Anglican National Pilgrimage procession on the grounds of the ruined abbey at Walsingham, May 2003 • Matt-rex/Wikimedia Commons
By John Martin
There is much debate about whether formal religion is fading away in the United Kingdom. What is certain, however, is that one aspect of religious life is flowering: pilgrimage. In the last decade, no fewer than 30 pilgrimage routes have been created or rediscovered. Visits to holy places grew by 14 percent, said the British Pilgrimage Trust, a new venture committed to reviving “travel on foot to holy places.”
Not all these pilgrims are Christians. “Bring your own beliefs” is the motto of the trust, cofounded by Guy Hayward and Will Parsons. Hayward thinks pilgrimage has a universal appeal: “You’re walking in the land, in nature, you’re talking to people. It’s not complicated, but at the same time it’s very tangible.”
Nor does the trust frown on smartphones. “We think that modern pilgrimage requires modern technology to make the most of it,” Hayward said. Phone maps are better than a fold-out when you’re lost in a wood. The trust plans an app to link pilgrims with churches, fields, and village halls.
The Anglican Shrine of our Lady of Walsingham was for centuries one of Europe’s most-visited pilgrimage destinations. In 1538, however, Henry VIII and Thomas Cromwell banned pilgrimages and the Walsingham shrine was demolished. It was revived in the 19th century and today attracts 250,000 visitors a year.
The trust is building a database of pilgrimage routes. The shortest option is a ten-mile walk from the ruins of Abingdon Abbey to Christ Church Cathedral in Oxford. The longest is a 21-day walk from Winchester to Canterbury. The route’s stopping places include three river sources, nine holy wells, 61 pubs, and 78 churches.
One inspiration for the trust’s founding is the enormous popularity of the Camino de Santiago, the pilgrimage to Santiago de Compostela in northwestern Spain. Last year more than 5,000 Britons walked the Camino.
Welby Calls for Sudanese Peace: The Archbishop of Canterbury last week called for leaders in South Sudan to cease hostilities and accept mediation. He said those who will suffer most are the poorest, especially women and children.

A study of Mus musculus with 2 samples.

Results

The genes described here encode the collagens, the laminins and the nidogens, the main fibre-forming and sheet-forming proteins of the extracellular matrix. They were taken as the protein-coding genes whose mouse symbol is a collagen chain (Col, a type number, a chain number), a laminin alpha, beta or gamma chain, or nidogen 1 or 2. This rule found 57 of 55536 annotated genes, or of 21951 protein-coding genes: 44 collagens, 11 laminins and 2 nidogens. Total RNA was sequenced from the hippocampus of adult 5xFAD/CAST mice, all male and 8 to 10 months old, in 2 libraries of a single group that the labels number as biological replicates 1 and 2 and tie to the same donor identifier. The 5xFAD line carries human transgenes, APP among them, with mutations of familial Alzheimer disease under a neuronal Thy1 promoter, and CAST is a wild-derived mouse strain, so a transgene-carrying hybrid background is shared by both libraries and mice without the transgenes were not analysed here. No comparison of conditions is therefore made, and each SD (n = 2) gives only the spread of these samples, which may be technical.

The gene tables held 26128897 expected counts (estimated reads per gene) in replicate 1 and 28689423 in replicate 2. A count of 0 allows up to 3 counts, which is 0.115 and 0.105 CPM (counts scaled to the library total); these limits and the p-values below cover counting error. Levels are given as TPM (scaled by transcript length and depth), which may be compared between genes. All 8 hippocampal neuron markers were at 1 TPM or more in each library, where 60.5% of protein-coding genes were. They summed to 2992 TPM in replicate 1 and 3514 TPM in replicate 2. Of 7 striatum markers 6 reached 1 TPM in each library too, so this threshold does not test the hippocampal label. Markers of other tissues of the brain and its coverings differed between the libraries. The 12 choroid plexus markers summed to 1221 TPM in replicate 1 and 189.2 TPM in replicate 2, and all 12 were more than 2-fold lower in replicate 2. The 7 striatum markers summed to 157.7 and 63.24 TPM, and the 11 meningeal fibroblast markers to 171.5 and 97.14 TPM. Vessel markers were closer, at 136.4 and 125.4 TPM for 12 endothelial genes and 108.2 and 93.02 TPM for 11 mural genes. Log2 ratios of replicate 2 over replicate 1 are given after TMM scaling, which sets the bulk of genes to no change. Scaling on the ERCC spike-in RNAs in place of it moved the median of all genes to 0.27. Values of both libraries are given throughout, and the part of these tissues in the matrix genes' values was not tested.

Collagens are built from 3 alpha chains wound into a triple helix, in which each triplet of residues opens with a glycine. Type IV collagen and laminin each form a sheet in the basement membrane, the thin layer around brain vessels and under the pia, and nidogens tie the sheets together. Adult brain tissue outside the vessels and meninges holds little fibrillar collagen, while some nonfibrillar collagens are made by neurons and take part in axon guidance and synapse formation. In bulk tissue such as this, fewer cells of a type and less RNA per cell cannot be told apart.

Those who pursue violence will face the judgment of God in answer to the cries of those whose death they have caused. “They can still turn back: with our voices and our prayers to Jesus the Prince of Peace, let us call on them to do so,” Archbishop Justin Welby said.
Archbishop Welby has visited the country several times in the past few years and seen areas “the heartbreaking suffering of the people. The failure of the leaders is clear.”
He took the opportunity to ask a question during a House of Lords debate, enquiring what the U.K. government is doing to support the peace and reconciliation commission led by the Most Rev. Daniel Deng Bul Yak, Anglican Archbishop of South Sudan and Sudan.
Christchurch Ponders Future: New Zealand’s Greater Christchurch Regeneration Minister Gerry Brownlee has announced a five-member working group that will recommend the best option for the stricken Christ Church Cathedral. Brownlee acknowledged “the strong public interest in what is happening to this iconic building.”
The working group is expected to report by Dec. 7. Earlier this month engineers used a drone device for the latest survey of damage to the building. Markers on the cathedral are in place to measure further movement. Recent drone footage graphically illustrates damage inside the cathedral.
“Back in 2010 and 2011 the Diocese of Christchurch said we would put people and safety first and we have kept our word,” said the Rt. Rev. Victoria Matthews, Bishop of Christchurch.“The film from the drone in the Cathedral shows severe damage from many earthquakes, including the February and March quakes this year. I look forward to what the working group recommends for the beloved Cathedral building.”